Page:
Factor Theory

The following article is from The Great Soviet Encyclopedia (1979). It might be outdated or ideologically biased.

Factor Theory


a term traditionally applied to any sociological theory that attempts to attribute changes in a society to the influence of some phenomenon regarded as the sole factor determining the changes.

The history of social thought contains many examples of this type of explanation for the mechanism of development of a society. Thus, attempts have been made at theories based, for example, on geographic, demographic, psychological, and, in the late 19th century, technological determinism. Every such attempt, however, led to what G. V. Plekhanov called a vicious circle of interaction: the phenomenon used as a factor was a consequence of some other factor or factors before it became a cause (see On the Question of the Development of the Monistic View of History, ch. 2).

In the late 19th and early 20th centuries, a number of bourgeois sociologists, such as M. Weber and M. M. Kovalevskii, improperly portrayed Marxism as a single-factor theory based on economic determinism. In place of Marxism, as they saw it, these sociologists offered various multiple-factor theories, according to which the development of a society is determined by the simultaneous action of, for example, economic, demographic, religious, and psychological factors. Such a position leads to eclecticism and the mechanical joining of various factors.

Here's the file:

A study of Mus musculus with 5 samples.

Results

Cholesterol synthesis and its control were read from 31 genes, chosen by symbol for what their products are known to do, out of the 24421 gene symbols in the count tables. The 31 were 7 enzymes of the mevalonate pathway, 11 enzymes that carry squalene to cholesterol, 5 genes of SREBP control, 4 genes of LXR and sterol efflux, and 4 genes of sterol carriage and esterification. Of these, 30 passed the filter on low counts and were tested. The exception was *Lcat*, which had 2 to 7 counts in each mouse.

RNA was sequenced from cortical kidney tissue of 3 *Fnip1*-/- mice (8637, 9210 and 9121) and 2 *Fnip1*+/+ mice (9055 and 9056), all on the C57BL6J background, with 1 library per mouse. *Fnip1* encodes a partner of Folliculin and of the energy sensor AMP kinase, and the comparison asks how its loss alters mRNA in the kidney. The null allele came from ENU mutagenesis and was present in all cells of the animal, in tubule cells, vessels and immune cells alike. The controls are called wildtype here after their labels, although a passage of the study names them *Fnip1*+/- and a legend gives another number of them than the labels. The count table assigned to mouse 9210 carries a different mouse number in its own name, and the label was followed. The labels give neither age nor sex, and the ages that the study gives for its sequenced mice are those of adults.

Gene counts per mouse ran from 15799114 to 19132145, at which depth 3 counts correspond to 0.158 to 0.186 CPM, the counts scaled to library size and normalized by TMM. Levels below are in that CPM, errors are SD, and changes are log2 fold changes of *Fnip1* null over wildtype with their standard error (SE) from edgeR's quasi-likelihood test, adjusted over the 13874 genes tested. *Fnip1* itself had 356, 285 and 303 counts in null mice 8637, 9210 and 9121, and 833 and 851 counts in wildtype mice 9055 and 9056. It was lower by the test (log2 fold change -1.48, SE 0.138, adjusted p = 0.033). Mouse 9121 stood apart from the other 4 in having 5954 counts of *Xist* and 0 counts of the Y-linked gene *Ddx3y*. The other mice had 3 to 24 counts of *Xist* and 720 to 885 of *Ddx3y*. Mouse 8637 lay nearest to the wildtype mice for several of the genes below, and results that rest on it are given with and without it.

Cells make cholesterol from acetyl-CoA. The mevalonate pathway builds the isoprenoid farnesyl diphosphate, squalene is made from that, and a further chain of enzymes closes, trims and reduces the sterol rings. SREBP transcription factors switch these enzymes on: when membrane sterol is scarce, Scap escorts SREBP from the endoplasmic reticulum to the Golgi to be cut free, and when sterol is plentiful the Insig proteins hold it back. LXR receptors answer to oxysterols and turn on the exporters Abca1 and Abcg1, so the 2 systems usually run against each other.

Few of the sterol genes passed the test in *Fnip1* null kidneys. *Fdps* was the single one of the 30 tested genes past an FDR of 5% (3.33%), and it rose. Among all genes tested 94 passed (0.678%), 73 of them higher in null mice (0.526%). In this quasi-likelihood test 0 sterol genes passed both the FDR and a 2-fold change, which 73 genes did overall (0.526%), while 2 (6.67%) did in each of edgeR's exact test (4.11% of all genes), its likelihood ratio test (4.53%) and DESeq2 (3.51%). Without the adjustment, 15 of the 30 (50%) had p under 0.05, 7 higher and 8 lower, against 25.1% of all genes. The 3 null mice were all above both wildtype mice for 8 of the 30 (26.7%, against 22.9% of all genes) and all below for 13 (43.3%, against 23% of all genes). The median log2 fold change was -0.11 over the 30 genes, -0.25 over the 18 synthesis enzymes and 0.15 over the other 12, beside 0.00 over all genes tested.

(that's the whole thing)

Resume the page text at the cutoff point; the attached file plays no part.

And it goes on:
K. Marx, F. Engels, and V. I. Lenin rejected the branding of Marxism as economic determinism. In their view, to represent Marxism in this way is to vulgarize it. Marxism regards society as a developing system and describes the entire process “in its totality (and therefore, too, the reciprocal action of its various sides on one another)” (K. Marx and F. Engels, Soch., 2nd ed., vol. 3, p. 37). In this process of development the mode of production plays a decisive role.

The Great Soviet Encyclopedia, 3rd Edition (1970-1979). © 2010 The Gale Group, Inc. All rights reserved.
References in periodicals archive ?
The study also aimed to highlight the motivating factors for the teachers and implication of Maslow's need hierarchy and Herzberg's two factor theory on teachers at higher education level in Pakistan.
As we noted, our results may be explained within the context of the Five Factor Theory of Personality (McCrae & Costa, 1999, 2008), with the basic tendency of conscientiousness influencing a common characteristic adaptation to task engagement, namely avoidance.
The objective is to initiate re- conceptualization of the differences between union loyalty and union commitment by revisiting Gordon's Four Factor Theory of Commitment and Hirschman's Exit--Voice Loyalty Theory.